Queen Victoria & Prince Albert as portrayed in Victoria, season three

Queen Victoria & Prince Albert as portrayed in Victoria, season three

With Victoria back on our screens we caught up with creator Daisy Goodwin to see what we can expect from season three

US fans were delighted last month as Victoria returned to PBS Masterpiece and as the series continues we're happy to get insider knowledge from Goodwin, who says: "Victoria and Albert are the most famous couple of the nineteenth century, but underneath the united facade, their relationship is at breaking point and it is a struggle for mastery that neither side can win.”


So what can we expect?

Series three will see Victoria under pressure from the government to leave London for her own safety, amid fears of revolution and unrest in London. But the Queen is also facing pressure within the royal marriage. Victoria had six children in eight years, so season three is set to show some pressures in the bedroom, as Victoria starts to withhold sex rather than risk becoming pregnant again. 

However, the big question remains, will Albert die in season three?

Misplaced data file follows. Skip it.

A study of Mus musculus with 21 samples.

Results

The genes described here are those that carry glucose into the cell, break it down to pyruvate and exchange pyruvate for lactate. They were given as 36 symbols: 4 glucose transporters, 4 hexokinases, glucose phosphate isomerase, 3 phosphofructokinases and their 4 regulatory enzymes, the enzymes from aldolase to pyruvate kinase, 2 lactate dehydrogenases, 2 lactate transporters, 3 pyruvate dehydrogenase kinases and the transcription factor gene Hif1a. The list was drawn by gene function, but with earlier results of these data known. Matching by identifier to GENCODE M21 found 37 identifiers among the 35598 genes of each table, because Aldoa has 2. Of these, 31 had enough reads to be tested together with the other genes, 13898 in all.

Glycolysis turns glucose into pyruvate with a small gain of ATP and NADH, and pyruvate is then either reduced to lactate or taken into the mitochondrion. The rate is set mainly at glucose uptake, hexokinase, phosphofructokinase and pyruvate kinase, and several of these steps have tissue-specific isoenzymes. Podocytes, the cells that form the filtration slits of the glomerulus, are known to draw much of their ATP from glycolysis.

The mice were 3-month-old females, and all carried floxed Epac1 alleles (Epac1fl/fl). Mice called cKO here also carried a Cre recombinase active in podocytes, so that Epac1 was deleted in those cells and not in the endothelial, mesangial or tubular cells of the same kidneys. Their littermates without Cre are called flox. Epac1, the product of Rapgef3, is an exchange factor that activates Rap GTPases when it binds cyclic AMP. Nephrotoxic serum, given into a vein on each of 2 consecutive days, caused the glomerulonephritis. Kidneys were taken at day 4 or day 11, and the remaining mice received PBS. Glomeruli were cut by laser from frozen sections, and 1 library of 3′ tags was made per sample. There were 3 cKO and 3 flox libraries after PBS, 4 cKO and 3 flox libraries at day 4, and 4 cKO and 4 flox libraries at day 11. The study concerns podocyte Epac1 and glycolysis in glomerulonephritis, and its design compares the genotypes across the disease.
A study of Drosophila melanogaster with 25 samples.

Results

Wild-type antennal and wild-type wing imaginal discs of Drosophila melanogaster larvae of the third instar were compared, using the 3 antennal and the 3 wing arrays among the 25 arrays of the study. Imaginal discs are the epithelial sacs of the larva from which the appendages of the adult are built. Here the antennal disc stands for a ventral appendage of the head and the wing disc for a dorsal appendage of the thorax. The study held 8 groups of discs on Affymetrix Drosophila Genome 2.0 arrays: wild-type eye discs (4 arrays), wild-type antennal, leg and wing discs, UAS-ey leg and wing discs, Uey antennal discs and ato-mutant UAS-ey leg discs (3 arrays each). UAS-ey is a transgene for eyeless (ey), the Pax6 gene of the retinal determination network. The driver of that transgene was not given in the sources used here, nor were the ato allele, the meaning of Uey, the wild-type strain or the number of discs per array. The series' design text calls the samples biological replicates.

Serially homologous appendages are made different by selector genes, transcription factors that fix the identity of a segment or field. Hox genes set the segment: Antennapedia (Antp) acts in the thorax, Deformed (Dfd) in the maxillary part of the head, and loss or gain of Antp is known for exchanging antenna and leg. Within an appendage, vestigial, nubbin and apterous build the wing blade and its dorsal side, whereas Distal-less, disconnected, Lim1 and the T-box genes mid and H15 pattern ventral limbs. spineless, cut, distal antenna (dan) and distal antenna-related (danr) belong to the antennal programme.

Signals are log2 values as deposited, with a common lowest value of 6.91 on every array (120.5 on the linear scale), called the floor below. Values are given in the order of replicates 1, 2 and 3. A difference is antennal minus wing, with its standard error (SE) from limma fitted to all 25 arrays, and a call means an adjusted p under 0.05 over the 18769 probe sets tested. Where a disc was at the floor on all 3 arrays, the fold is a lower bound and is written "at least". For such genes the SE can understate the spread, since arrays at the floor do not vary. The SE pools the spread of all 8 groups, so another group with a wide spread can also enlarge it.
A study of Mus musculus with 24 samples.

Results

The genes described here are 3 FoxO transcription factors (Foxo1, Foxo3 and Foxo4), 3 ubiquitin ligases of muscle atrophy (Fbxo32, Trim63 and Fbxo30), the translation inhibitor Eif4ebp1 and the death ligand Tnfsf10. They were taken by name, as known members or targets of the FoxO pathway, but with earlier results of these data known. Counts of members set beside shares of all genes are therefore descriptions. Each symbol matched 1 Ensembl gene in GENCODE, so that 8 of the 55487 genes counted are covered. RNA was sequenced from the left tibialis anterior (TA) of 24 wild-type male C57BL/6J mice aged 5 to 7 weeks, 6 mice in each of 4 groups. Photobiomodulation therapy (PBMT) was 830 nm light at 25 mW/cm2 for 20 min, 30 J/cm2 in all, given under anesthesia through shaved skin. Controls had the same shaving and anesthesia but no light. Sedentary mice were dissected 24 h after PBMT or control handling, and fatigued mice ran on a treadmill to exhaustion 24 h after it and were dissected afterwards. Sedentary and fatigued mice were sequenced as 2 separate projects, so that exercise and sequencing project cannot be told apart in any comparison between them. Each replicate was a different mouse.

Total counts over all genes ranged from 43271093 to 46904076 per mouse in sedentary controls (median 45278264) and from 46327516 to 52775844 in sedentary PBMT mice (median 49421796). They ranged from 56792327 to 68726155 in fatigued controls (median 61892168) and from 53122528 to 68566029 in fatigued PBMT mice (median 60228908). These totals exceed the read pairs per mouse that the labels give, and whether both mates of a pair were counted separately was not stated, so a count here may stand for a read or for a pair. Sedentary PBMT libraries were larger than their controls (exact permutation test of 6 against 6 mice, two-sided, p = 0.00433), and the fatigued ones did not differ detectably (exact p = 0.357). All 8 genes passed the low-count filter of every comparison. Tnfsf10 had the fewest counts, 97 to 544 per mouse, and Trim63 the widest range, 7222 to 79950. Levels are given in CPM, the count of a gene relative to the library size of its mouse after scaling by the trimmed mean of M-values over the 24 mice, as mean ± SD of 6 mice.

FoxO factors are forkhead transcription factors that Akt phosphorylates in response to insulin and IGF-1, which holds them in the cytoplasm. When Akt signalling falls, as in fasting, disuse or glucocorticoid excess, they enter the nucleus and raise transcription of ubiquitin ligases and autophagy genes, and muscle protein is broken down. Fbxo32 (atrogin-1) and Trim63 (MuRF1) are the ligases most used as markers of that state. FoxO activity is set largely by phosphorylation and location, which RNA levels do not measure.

We all know that he died young, leaving Victoria a widow for over four decades, but will season three reach 1861, the year in which the royal consort died? Goodwin has confirmed that it won't, which is good news for Albert fans!

This season also sees the introduction of new characters, as Victoria's elder sister Feodora appears. Princess Feodora of Leiningen was Victoria's elder half sister who married a German prince while Victoria as still a child. However, upon her return to England it's clear to see that there is tension between the two. 

Lewis star Laurence Fox is joining the show as the “charismatic and wayward” Foreign Secretary Lord Palmerston, a major player in the politics of the era.